A historic family-owned château in a breathtaking but forgotten corner of rural France is reborn as a sophisticated culinary and spa retreat.
By Alice Cavanagh via WSJ
The late French billionaire Didier Primat’s holiday estate, Domaine des Etangs, was an 11th-century castle in the remote, untouched Charente Limousine region. Primat carefully restored the historic buildings and grounds, creating “a big playground for the whole family,” recalls his daughter Garance, 37, the third of eight children, whose childhood memories include caring for pigs, rabbits and chickens on the property.
Since her father died in 2008, Garance has worked to fulfill his dream of transforming this estate—located just over three hours southwest of Paris—into a retreat for vacationers from around the world. This month she opened the property as a lavish hotel. The château has seven suites, seven free-standing cottages, a 40-seat restaurant, thermal Roman baths and more than 2,100 acres of rambling hills, forests and lakes to explore with bikes and wooden rowboats.
Garance, who shares her father’s passion for the outdoors, enlisted the celebrated landscape gardener Camille Muller to fashion the estate’s wild, expansive gardens. “Camille doesn’t try to control nature; he serves nature,” she says. To refurbish the château and cottages, sprinkled around the property, she worked with Parisian architect Isabelle Stanislas and local stonemasons and craftsmen, taking care to preserve the buildings’ “bones” by leaving original stonework and timber beams exposed. The rooms were furnished with a mix of elegant contemporary pieces and antiques owned by Garance’s father. Immense artworks by photographers Thomas Ruff and Dieter Appelt hang in the château’s suites.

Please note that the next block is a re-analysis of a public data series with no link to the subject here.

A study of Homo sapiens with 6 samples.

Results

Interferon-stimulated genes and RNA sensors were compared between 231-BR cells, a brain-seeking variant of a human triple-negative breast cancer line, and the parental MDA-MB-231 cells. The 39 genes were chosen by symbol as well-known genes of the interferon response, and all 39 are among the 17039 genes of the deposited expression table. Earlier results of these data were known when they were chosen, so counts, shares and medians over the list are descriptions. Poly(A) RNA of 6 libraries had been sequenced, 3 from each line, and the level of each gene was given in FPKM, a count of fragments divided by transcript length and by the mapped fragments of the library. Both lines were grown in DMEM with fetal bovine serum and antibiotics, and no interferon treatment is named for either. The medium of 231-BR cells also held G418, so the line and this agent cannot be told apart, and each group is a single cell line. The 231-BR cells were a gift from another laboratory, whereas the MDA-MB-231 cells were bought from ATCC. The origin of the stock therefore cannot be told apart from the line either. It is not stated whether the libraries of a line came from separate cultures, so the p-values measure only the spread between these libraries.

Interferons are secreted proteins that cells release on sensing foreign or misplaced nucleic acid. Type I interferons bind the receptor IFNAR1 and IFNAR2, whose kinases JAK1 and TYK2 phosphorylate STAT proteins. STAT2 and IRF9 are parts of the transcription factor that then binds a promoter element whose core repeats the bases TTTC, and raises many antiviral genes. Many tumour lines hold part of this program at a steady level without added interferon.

The estate’s restaurant is one of the few fine-dining outposts in the region, a pristine landscape relatively unknown to tourists (and an easy drive from Cognac and Bordeaux). Chef Fabien Beaufour, 31, a former executive sous chef at New York’s Eleven Madison Park, sources fruit and vegetables from an abundant kitchen garden and beef from Limousin cattle raised on the property. Next year, Garance will open a luxury spa in the estate’s old windmill. “My father didn’t have time to finish the castle, so I decided to continue his work,” she says. “This was our family’s home—but it’s a place you want to share with other people.” From $650 (low season) to $2,000 (high season) per night; domainedesetangs.com.